Arbortist: Tree damage shows need for routine maintenance

Betsy PriceBusiness, Headlines


A lot of birch and ash trees just snapped in half because of winds during an Aug. 7 northern New Castle County storm. Photos courtesy Strobert Tree Service Inc.

The trees that seemed to take the brunt of the Aug. 7 storm through northern New Castle County were poplars and ashes, an arborist says.

“They’re just more brittle,” said Tony Marsalo, arborist with Strobert Tree Service Inc.

Their root systems aren’t as deep, but it wasn’t the roots that got them.

“These trees were just snapped in half,” he said. “They have very little flex in them, so they just snap.”

Another big problem was trees with a forked trunk. Many of those just split in half, he said.

Marsalo has been working steadily in Hockessin and other areas helping to clean up storm damage.

He has a specific recommendation for anyone who is out evaluating their own property or trying to clean it up themselves: Look up.

“You have to look up because what’s down on the ground is not going to kill you,” he said. “What’s barely hanging on by a strand of wood above you will kill you.”

He also recommends that people put on a helmet — any kind of helmet, even a son’s or daughter’s hockey helmet — when walking their property after a storm.

“Put it on and be looking up, not down, to assess the damage,” he said.

Even that’s not a perfect safety solution.

His crews have had trees that did not appear to be damaged by this storm topple over as they work on a nearby tree.


Strobert certified arborist Tony Masalo believes homeowners should have the trees on their property surveyed each year to try to avoid problems. Photo courtesy of Strobert Tree Service.

Marsalo, a certified arborist, hopes that one thing people take away from the experience of seeing so much damage is that they should maintain their trees just like they maintain the house by servicing their heating and air conditioning systems or having pest control come annually.

“We have different things checked every year in our house and probably the most important thing is that 100,000-pound tree about 10 feet from your house,” he said.

He has one client who lost 100 trees on their wooded lot.

Some of that, he says, was because the trees were so close together that storm winds couldn’t blow through the trees. Instead, he said, they hit the dense canopy, which acts like a sail and catches the wind, shoving the trees over.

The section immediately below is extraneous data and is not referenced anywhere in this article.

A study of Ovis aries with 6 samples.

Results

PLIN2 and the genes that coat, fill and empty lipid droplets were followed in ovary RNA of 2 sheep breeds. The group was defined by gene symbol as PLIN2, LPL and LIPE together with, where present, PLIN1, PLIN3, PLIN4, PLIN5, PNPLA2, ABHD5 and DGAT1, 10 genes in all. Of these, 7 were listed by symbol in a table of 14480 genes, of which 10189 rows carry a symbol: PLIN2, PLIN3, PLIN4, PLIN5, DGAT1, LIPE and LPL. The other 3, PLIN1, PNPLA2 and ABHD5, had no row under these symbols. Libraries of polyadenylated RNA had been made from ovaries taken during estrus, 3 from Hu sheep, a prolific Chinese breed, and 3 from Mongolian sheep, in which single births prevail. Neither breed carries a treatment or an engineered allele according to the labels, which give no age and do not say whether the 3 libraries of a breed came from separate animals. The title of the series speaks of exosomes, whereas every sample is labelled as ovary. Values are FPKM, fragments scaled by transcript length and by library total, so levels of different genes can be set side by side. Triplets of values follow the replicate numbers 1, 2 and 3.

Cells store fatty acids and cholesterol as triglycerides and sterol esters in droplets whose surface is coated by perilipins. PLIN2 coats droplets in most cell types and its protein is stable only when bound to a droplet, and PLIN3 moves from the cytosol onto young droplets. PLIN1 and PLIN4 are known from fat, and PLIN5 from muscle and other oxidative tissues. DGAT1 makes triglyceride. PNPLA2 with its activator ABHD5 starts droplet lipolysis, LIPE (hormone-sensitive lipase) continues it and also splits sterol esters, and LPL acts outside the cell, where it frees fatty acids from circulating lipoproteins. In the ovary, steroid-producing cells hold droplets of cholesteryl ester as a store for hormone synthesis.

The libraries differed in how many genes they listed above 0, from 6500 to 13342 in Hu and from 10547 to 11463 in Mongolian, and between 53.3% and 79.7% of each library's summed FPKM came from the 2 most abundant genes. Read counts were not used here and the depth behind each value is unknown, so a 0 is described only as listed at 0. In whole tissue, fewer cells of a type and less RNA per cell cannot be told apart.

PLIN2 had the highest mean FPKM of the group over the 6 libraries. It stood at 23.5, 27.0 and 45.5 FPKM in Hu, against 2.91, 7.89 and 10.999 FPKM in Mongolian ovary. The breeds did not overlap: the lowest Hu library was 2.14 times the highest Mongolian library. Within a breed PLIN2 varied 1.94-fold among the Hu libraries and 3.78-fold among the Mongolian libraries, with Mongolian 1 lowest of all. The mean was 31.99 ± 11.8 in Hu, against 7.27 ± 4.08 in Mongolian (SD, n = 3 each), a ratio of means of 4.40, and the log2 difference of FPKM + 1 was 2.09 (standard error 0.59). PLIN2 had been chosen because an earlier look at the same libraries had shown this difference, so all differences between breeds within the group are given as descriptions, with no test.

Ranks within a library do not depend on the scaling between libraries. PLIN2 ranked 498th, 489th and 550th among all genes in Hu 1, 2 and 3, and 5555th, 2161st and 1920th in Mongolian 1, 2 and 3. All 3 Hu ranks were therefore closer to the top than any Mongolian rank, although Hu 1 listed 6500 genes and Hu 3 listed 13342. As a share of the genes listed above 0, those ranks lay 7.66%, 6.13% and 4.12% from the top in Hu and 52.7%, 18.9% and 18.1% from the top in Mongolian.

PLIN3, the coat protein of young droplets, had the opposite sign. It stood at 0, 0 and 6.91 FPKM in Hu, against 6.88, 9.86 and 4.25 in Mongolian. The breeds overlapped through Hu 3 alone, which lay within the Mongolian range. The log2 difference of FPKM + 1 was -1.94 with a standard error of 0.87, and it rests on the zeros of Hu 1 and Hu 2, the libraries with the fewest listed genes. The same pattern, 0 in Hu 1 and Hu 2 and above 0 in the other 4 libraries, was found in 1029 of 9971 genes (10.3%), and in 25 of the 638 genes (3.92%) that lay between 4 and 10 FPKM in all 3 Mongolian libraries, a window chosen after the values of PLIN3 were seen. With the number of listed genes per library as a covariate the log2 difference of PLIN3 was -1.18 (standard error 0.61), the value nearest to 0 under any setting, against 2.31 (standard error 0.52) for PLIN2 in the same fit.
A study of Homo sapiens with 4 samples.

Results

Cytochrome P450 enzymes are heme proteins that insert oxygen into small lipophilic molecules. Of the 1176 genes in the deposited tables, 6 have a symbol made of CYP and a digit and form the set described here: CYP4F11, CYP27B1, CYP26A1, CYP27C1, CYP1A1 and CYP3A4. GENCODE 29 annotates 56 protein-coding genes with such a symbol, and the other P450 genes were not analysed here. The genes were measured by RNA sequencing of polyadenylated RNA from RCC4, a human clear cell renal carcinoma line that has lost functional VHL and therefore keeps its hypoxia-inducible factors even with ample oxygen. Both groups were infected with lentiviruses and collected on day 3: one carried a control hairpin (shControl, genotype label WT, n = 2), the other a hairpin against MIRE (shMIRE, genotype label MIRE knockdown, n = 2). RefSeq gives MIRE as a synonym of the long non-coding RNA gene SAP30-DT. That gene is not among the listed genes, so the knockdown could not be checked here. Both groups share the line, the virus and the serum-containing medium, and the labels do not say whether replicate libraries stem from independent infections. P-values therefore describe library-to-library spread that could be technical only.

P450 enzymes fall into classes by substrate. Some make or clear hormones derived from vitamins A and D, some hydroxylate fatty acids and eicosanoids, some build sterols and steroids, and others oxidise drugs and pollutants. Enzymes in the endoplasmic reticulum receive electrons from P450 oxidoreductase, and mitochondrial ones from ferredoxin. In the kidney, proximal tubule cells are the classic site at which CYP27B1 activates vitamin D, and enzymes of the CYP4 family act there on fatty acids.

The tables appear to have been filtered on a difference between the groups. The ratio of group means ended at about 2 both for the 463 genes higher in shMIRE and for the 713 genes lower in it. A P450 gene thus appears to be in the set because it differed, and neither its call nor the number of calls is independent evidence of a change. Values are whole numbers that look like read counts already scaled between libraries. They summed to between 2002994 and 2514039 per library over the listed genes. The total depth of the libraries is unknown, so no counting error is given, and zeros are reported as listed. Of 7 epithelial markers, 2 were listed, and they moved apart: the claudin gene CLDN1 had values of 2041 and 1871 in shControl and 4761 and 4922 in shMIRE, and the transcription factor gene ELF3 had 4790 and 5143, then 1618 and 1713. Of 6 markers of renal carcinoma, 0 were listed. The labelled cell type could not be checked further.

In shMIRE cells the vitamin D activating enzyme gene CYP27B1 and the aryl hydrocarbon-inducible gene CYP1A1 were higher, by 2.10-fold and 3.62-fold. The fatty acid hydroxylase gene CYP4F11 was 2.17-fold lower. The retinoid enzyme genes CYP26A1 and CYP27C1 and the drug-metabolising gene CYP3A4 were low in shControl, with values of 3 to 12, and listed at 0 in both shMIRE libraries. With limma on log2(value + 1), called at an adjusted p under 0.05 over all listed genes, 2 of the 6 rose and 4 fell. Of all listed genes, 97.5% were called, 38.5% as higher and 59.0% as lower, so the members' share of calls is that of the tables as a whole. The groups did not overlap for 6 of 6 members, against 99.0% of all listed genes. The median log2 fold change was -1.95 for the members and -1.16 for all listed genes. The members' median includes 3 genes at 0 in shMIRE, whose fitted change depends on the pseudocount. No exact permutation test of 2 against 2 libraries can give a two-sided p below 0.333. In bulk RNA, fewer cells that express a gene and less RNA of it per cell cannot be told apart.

“When there’s pockets and air is able to flow through, the tree is able to keep good structural integrity during a storm,” Marsalo said.

About five families he’s working with had trees fall on or through their houses and now, just as school is starting, they are having to find other places to live while repairs are made.

Tree survey

Homeowners should consider having a certified arborist survey their property once a year and make recommendations about tree health and safety. Strobert will do that for free, he said.

An arborist may recommend something simply like routine pruning or deep tree fertilization, he said.

While a homeowner can easily fertilize grass and plantings, it’s not easy to fertilize a tree, because the nutrients have to be delivered deeply or surface plants will soak them up before they can reach the tree.

Fertilizing a tree enhances regrowth and helps the roots be more vigorous, making the tree stronger and more able to withstand a storm, he said.

Marsalo said he’s not advocating that people don’t have trees near their homes. He loves trees, he said. Mankind and the planet both get a lot of benefits from them such as saving energy and pumping oxygen into the environment.

“But if you’re gonna plant any tree close enough to your house that could change your life forever during a storm, you better make sure you’re having it professionally maintained and on a plant healthcare program,” he said.


Marsalo has lived his life in Philadelphia and Chester County.

No matter the cause, he said, it’s clear that the Delaware region is having more damaging storms than it did 20 years ago and nearly every client mentions something about that to him.

He even sees trouble in the kind of insects and tree diseases now seen in Delaware that once were only seen further south.

One of the most obvious ones, he said, is a fungus attacking the blue spruce. It causes a condition known as needle drop, a nickname for Rhizosphaera Needle Cast.

“If you drive around you’ll see every blue spruce has died,” he said. “They can’t survive this far south.”